Link to this page: https://www.socialistparty.org.uk/articles/21925
Protesters fight coal mining project in Bangladesh
Dave Carr, East London Socialist Party
For the last nine years the Committee to Protect Oil, Gas and Natural Resources in Bangladesh has organised protests in central London outside the AGM of coal mining conglomerate Global Coal Management Resources (GCM).
Socialist Party members joined the 2015 protest on 18 December outside plush offices adjacent to Hyde Park Corner.
In 2006, a 70,000-strong demonstration against GCM's plans to develop open-cast mining in Phulbari, in Bangladesh's Dinajpur district, was attacked by paramilitary forces. Three protesters died and two hundred were injured. The Bangladesh government withdrew the mining licence in the wake of this atrocity.
Despite the government repudiation, activists fear that GCM will get a deal with the Bangladesh government to begin coal mining in Phulbari. GCM appears to be continuing its attempts to raise funds for this operation.
Activists told the Socialist newspaper that they believe that GCM is misleading its shareholders by not revealing its past failures and current reputation in Bangladesh.
GCM's chief executive, Gary Lye, was forced to cancel his plans to visit Phulbari by the District Commissioner and local police due to the 'volatile situation prevailing at Dinajpur's Phulbari' according to Bangladesh's bdnews24.com.
The mining operation would displace hundreds of thousands of farming families, pollute water sources and destroy the local environment - all in the name of profit.
Campaigners read out a 'Notice of Closure' during the protest, calling on GCM to close down its operations in London.
Protesters at the AGM pointed out that plans to gouge out more carbon-rich fossil fuels, thereby increasing greenhouse gas emissions, coincides with the recent Paris UN climate change conference which, on paper, agreed to limit global warming over the next century.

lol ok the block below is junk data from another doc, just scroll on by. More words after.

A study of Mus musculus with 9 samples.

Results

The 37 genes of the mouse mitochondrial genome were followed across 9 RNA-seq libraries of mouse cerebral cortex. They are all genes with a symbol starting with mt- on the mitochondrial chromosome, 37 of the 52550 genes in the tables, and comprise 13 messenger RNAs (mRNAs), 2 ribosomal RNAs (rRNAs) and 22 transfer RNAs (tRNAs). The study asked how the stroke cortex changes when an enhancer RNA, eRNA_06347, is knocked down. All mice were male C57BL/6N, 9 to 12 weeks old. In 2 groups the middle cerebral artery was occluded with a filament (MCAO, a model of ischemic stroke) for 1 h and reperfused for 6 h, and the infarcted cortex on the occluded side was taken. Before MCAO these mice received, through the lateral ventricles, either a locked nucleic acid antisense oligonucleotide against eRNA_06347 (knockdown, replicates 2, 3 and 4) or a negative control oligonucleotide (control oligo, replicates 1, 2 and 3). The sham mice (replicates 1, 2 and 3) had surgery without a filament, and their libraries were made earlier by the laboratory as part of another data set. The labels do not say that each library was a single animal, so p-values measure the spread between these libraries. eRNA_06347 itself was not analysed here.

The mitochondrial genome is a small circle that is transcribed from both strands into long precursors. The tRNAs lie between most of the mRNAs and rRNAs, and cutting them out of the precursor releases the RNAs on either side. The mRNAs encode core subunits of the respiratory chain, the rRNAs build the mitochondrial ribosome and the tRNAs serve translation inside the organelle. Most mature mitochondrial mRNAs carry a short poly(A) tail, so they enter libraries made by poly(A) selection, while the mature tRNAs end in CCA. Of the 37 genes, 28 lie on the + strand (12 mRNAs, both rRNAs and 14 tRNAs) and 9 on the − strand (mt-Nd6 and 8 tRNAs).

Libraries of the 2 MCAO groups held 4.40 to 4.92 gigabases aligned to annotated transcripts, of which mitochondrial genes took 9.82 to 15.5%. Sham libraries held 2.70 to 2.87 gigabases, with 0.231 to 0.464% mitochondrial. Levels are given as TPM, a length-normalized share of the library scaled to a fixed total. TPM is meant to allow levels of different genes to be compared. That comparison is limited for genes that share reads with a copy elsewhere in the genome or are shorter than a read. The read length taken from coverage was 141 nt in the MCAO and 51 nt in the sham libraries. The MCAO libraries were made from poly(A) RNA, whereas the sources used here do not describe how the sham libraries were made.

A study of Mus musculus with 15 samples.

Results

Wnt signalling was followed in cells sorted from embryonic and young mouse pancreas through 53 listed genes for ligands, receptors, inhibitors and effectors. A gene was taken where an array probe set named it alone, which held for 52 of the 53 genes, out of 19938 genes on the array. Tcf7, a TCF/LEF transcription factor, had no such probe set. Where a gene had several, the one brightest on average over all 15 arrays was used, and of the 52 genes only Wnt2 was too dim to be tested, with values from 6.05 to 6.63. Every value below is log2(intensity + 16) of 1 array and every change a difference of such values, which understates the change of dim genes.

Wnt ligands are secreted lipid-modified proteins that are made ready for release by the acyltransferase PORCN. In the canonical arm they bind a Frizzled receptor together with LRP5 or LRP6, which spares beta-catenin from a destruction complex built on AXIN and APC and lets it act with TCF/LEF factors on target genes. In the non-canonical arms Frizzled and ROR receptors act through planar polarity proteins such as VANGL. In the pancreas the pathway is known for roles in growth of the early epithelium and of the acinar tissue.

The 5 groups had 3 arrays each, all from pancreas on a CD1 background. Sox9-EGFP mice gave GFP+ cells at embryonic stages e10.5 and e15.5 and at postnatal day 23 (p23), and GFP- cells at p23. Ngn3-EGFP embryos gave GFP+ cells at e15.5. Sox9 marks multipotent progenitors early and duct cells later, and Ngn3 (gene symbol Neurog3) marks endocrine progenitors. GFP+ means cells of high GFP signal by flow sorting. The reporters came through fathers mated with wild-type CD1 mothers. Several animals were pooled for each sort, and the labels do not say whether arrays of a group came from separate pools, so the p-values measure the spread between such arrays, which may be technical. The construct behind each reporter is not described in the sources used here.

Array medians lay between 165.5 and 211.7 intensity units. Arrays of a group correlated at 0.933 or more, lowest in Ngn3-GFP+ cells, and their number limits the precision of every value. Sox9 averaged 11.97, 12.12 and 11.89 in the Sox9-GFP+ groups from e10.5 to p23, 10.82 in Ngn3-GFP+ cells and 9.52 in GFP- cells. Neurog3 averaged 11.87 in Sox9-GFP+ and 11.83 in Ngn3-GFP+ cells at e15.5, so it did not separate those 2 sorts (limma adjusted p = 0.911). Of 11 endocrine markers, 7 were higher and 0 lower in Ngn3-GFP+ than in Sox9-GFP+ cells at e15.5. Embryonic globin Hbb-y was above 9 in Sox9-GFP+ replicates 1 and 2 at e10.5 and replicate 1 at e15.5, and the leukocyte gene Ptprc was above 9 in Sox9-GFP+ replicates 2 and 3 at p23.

However, the Paris agreement doesn't even mention fossil fuels and doesn't place any binding restrictions on big business continuing to extract coal, gas and oil reserves (see 'Empty cheers after Paris agreement' on www.socialistworld.net)
In Britain, David Cameron and the Tories have already dropped the 'green crap' (to use Cameron's alleged phrase) by increasing tax breaks for big energy companies while cutting subsidies to renewable energy projects. Most recently the Tory government has slashed financial support for installing domestic solar panels.
The Socialist Party campaigns for the nationalisation of big energy firms like GCM under democratic workers' control and management, ending the profit motive which drives these voracious companies to exploit the neo-colonial world at the expense of the local populations.
In the putative deal between the Bangladesh government and GCM, 94% of the revenue generated by the planned mine would be taken by GCM, campaigners say, leaving only 6% for the government - together with a destroyed environment and displaced people. It would be daylight robbery.
Public ownership of the commanding heights of the economy would enable the development of a national and international plan of production to phase out fossil fuels and replace them with renewable energy sources, including solar, wind and wave, and the development of new green technologies.